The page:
Yesterday’s discussion in SYRIZA’s political council marked the beginning of a counter-attack by the government, which faces staunch criticism over the FYROM naming deal and the terms of Greece’s exit from the bailout memorandum.
The first step will likely be a return to the markets before the end of the bailout programme. The disbursement of the last tranche of the cash buffer that the Eurogroup approved will serve as a guarantee for many investors, at least for a five-year bond. In this manner, the government can speak of a return to the markets. The last tranche will cover financing needs for the next two years.
The main slogan of the government will be that the memorandums are over. In this, it will find willing allies in other European countries that want to reassure their electorates that they are no longer giving money to the Greeks.
Still, a large segment of Greek society understands that the formal end of memorandums does not mean an exit from austerity and surveillance. Hence, even if austerity measures are decided in Athens, they will still be austerity measures.
A central element in the government’s strategy is to convey the message that handouts are in the offing. At yesterday’s political council, some noted that there will be a 750mn euro surplus above the surplus needed for targeted interventions – mainly tax cuts.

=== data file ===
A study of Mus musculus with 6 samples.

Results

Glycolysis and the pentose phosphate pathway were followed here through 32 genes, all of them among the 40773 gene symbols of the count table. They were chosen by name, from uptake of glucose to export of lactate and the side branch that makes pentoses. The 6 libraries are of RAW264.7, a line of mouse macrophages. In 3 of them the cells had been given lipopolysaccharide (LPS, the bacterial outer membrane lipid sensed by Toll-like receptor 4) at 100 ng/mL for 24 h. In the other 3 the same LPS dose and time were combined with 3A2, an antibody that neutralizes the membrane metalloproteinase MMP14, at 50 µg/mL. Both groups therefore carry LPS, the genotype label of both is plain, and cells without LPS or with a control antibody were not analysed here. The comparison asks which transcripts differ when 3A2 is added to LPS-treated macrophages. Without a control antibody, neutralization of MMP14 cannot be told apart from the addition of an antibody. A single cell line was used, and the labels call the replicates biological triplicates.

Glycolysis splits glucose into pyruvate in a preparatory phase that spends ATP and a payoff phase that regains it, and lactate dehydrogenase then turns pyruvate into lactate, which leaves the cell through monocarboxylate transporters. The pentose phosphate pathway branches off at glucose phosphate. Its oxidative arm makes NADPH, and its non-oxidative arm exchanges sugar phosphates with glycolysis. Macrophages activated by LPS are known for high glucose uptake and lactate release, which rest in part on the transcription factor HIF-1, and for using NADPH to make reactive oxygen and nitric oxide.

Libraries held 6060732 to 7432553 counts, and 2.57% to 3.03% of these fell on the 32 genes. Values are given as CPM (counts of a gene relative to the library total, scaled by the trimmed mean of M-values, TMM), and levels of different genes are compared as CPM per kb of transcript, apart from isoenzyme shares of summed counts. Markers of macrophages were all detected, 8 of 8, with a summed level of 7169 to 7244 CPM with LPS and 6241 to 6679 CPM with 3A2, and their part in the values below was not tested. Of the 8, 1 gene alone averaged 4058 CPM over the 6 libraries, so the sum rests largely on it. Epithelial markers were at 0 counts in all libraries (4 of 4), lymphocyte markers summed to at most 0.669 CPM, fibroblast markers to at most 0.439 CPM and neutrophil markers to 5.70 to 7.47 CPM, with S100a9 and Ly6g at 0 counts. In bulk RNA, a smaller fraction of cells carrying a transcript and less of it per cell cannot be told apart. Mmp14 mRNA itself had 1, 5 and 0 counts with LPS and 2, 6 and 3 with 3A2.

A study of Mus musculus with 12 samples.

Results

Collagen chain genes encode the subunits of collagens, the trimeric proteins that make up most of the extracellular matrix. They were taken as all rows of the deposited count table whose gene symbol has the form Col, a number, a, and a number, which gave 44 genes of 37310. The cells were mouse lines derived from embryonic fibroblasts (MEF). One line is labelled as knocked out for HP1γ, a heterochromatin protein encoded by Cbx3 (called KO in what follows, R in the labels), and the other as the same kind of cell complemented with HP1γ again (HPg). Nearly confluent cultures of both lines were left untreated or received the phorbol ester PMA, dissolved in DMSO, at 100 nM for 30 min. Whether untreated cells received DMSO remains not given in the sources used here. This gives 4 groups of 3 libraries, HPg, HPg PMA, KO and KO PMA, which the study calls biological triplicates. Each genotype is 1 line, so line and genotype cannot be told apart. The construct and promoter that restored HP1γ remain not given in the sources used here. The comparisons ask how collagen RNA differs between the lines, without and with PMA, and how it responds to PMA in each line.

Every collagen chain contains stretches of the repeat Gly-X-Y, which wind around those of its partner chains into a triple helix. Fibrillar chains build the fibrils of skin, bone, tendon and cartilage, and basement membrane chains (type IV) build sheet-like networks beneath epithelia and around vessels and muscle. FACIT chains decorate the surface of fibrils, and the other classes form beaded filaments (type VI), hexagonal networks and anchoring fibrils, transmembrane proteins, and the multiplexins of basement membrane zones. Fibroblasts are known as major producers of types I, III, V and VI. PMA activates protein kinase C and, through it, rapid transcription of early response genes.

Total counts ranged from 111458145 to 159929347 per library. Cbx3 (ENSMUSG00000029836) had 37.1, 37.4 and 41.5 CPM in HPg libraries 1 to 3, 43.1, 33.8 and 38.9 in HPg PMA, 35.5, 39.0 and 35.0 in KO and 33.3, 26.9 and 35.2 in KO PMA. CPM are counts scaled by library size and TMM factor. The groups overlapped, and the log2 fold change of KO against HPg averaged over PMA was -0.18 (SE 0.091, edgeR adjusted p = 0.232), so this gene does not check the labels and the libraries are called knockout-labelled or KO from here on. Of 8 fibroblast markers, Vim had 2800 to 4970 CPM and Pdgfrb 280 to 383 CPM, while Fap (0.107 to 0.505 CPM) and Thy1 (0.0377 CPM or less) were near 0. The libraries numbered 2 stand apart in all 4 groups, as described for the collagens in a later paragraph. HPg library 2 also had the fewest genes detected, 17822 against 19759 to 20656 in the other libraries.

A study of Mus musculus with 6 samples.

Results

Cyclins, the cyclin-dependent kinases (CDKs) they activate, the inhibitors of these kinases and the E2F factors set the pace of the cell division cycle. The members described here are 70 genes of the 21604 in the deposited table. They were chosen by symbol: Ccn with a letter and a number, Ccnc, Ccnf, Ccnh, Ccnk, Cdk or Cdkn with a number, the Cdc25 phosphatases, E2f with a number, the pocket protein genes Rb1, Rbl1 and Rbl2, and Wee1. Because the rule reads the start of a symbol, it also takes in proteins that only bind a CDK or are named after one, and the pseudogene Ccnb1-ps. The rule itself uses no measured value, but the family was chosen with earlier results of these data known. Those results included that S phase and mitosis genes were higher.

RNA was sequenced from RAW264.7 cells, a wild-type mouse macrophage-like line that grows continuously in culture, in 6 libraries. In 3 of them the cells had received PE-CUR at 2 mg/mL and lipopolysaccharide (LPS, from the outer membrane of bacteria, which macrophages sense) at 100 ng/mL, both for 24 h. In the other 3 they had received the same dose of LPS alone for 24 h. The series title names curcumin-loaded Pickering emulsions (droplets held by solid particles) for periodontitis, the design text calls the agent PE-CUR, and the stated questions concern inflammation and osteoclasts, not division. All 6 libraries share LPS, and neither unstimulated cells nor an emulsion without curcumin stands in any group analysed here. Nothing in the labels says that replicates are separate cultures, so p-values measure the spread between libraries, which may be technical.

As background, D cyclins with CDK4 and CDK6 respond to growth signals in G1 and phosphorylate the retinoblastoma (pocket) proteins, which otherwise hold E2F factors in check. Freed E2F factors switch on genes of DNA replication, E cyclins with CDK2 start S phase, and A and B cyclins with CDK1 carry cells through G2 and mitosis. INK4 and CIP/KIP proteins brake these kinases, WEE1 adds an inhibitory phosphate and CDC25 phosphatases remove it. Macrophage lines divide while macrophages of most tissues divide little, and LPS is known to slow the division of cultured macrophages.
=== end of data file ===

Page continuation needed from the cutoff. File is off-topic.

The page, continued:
At the annual Thessaloniki International Trade Fair in September, the PM is expected to emphasise the return to the markets, the end of the memorandums, targeted social interventions, and positive data on this year’s tourism.
However, the wear of protracted austerity, constant insecurity, and anxiety over pension cuts shows that the big problems cannot be addressed with targeted handouts.
The government hopes in some way to retract or at least postpone in some manner the pension cuts (which take effect on 1 January, 2019), which have created a political uproar.
However, that would trigger a major backlash from creditors, as they are opposed to the retraction of reforms that have already passed into law, even if the reversal is fiscally feasible.